In order to keep your vehicle running at its best, getting a regular tune-up will keep your vehicle running at its maximum performance. Tune-ups should be done every 2 years or 80,000 kms. A tune-up will increase your cars performance and also help keep your gas costs down. Bring your vehicle into St. Amand Auto & Truck Repair in St. Catharines and our technicians can take care of all your tune-up needs.
Tune-ups should start with performance checks to base line checks or confirm the engine’s overall condition. These should include:
- Load Test Battery – Important with all of today’s on board electronics to know your charging voltage.
- Scan for Fault Codes- To verify no fault codes are present, or to retrieve any codes that may be present so they can be diagnosed and eliminated
- Check Ignition Timing – To detect possible computer or sensor problems for the operation of the EGR valve.
- Hoses and Belts- Belts and Hoses can dry out and crack over time so it is good to have them checked to see how they are wearing and to make sure everything is in good condition.
- All fluids- Oil, Coolant, Automatic Transmission Fluid, Power Steering Fluid and Brake Fluid, should also be inspected to make sure all are at the proper level, and that the appearance and condition of each is acceptable.
What to Replace
If the tune-up checks find no major faults, the following items should be replaced for preventive maintenance:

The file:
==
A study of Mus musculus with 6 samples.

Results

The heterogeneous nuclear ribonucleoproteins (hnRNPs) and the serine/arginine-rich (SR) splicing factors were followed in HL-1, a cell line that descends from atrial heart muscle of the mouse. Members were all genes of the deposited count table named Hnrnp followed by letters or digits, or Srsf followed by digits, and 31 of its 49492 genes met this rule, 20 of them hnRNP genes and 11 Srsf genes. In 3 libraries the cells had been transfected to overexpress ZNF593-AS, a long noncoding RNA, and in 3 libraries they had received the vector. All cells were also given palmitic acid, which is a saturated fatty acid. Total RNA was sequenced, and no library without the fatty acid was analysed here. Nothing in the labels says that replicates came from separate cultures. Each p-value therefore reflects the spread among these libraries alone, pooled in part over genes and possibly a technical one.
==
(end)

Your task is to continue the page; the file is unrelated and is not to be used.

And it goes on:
- Spark plugs
- Rotor and Distributor Cap (if required)
- Fuel filter, Air filter, PCV Valve and Breather Filter
- Oxygen (O2) Sensor(s).
Spark plugs need to be changed periodically to help keep your engine running at its maximum performance.
Sluggish O2 sensors cause a lot of drive-ability problems. To prevent such woes, the O2 sensor can be replaced for preventive maintenance during a tune-up.
The O2 sensor is the master switch in the fuel control feedback loop. The sensor monitors the amount of unburned oxygen in the exhaust and produces a voltage signal that varies from lean to rich. The computer uses the O2 sensor’s signal to constantly fine tune and flip-flop the fuel mixture so the catalytic converter can do its job and clean the exhaust. If the O2 sensor circuit opens, shorts or goes out of range, it usually sets a fault code and illuminates the Check Engine or Malfunction Indicator Lamp. An O2 sensor that is badly degraded will continue to function well enough not to set a fault code but not well enough to prevent an increase in emissions and fuel consumption.
A sluggish sensor may not allow the computer to flip-flop the fuel mixture fast enough to keep emissions within acceptable limits. A dead sensor will causes the system to go back into open loop with a fixed, rich fuel mixture. Fuel consumption and emissions go up, and the converter may suffer damage if it overheats.